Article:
On night watch as the small yacht he was crewing on crossed the Atlantic, Jess Firth half-joked that he was almost decapitated by a flying fish.

“It whizzed by like a bullet, missing me by a matter of centimetres,” the 40-year-old from Auckland’s Waiheke Island said. “This wasn’t an isolated event – it happened several times to me and other crew members. It would give you a heck of a fright as they flew out of the darkness and made a mighty crash.”

The frequent spectacle of thousands of fish torpedoing across the waves for what seemed like hundreds of metres at a time was one of the many surprises Firth encountered on the 23-day, 2700-nautical-mile crossing from Spain’s Canary Islands to the Caribbean island of Barbados in a mate’s 13-metre sailboat.

Another, given his pre-trip anxiety, was the exhilaration he experienced when navigating the yacht as it surfed down giant waves in strong winds, indie rock anthems blasting through his earbuds as he watched the moon rise.


It had been a lifelong dream to cross the Atlantic by sailboat, so when his London-based friend Ben Steele asked him to help him transport his yacht, an Elam Impression 434 known as the Saga, from the Mediterranean to the Caribbean, he quickly agreed.

The plan was to complete the crossing in 23 to 25 days with two other Kiwi crew members, Peter Chrisp and Tama Pugsley, and, in the six months before they set out, Firth did so much research he began to envisage all kinds of nightmare scenarios. He pictured the mast of the yacht being hit by lightning, a whale breeching and fatally damaging the boat, being badly injured on board, and the rigging failing and preventing them from carrying on.

“The list of worries I had goes on. But by the time I was a couple of months away from flying to Spain to join Saga and crew, I had processed any fears I had and accepted them as risks I would accept to experience an adventure of a lifetime.”

Ironically, he felt a deep sense of calm as soon as they set sail, and as mentioned, got quite a kick out of challenging conditions.

On the third night, Firth was on night watch when waves that dwarfed the yacht began crashing into the cockpit, drenching him from head to toe as his crewmates slept. Thinking the conditions were the norm and that he would have to get used to them, Fifth soldiered on, doing his best to focus on keeping the boat in control.

“My mind wandered in that moment to how extreme the weather was going to get during our 23 days at sea. I hoped Mother Nature would go easy on us, and it wouldn’t get much more full on than what we were already dealing with.”

As luck would have it, they never experienced such strong winds and big swell again, enabling them to fall into a relatively easy rhythm of life at sea, planning routes based on weather forecasts, taking turns at watch duty when they were required to sail, navigate and look out for other vessels, chatting, and taking time “to absorb the scale of the vastness of the ocean all around us and what we’ve collectively embarked on”.

Travelling across such a vast ocean at an average speed of about 10 to 11kmh, with watch duty preventing them from sleeping for more than three to four hours at a time, Firth said his sense of time changed completely.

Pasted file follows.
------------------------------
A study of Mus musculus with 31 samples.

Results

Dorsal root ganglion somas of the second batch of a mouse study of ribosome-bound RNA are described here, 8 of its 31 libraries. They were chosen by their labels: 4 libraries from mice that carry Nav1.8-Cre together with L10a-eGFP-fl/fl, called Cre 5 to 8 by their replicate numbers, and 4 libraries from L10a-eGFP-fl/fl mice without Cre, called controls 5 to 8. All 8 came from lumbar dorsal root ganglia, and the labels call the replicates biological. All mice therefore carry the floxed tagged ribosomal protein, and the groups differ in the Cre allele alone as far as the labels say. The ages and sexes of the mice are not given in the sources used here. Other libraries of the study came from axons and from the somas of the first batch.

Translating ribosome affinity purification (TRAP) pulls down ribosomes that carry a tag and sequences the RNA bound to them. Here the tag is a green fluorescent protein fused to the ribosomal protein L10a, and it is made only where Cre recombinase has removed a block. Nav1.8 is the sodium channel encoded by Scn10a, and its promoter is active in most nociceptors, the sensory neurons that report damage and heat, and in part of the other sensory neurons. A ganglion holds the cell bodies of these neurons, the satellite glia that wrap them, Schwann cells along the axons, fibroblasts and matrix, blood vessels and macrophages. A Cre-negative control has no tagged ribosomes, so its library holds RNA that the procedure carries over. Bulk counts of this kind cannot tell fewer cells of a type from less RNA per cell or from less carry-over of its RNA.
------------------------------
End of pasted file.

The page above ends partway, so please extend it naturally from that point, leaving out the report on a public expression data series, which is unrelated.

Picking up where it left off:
He described the journey, which saw them raise funds for Kiwi marine conservation charity Our Seas Our Future via their Givealittle page, as one of the most profound sensory experiences he’s had within a three-week period, with sunrises and sunsets that made the hairs on the back of his neck tingle, and shooting stars putting on a show each night. The stars felt so close they were “able to see fragments break off them as they smashed through the atmosphere”.

There were also “many moments of reflection and thoughts inspired by feeling rather tiny and insignificant out there surrounded by a vast ocean, with the horizon of the water being your reference point of the world”.

Approaching Barbados, Firth said that, while his body was ready to make landfall, part of him didn’t want the adventure to end.

“As a crew we got on really well, and I thoroughly enjoyed getting to know my friends onboard better and sharing the experience with them.”

Arriving in Barbados on December 28 New Zealand time, Firth said he felt a profound sense of accomplishment in achieving a long-term goal.

“I also felt incredibly humbled by the experience overall. Placing ourselves in an environment that we had very little control over, other than how we set the sails up etcetera, was a good reality check and a bit of a metaphor for life in some ways. It definitely confirmed to me that sometimes, trusting in your planning is as far as it goes, and ultimately, sometimes you just have to go with the flow, as you really aren’t in control as much as you might think or want to be.”

The adventure has also given him a renewed appreciation for the life he leads in New Zealand with friends and family and “the slice of paradise I get to call home on Waiheke Island.

“Completing the journey across the Atlantic has also opened the door for seeking out the next big adventure and focusing on achieving the other life goals I have before me.”

You can read more about the trip, including a crew blog, on the Our Seas Our Future website.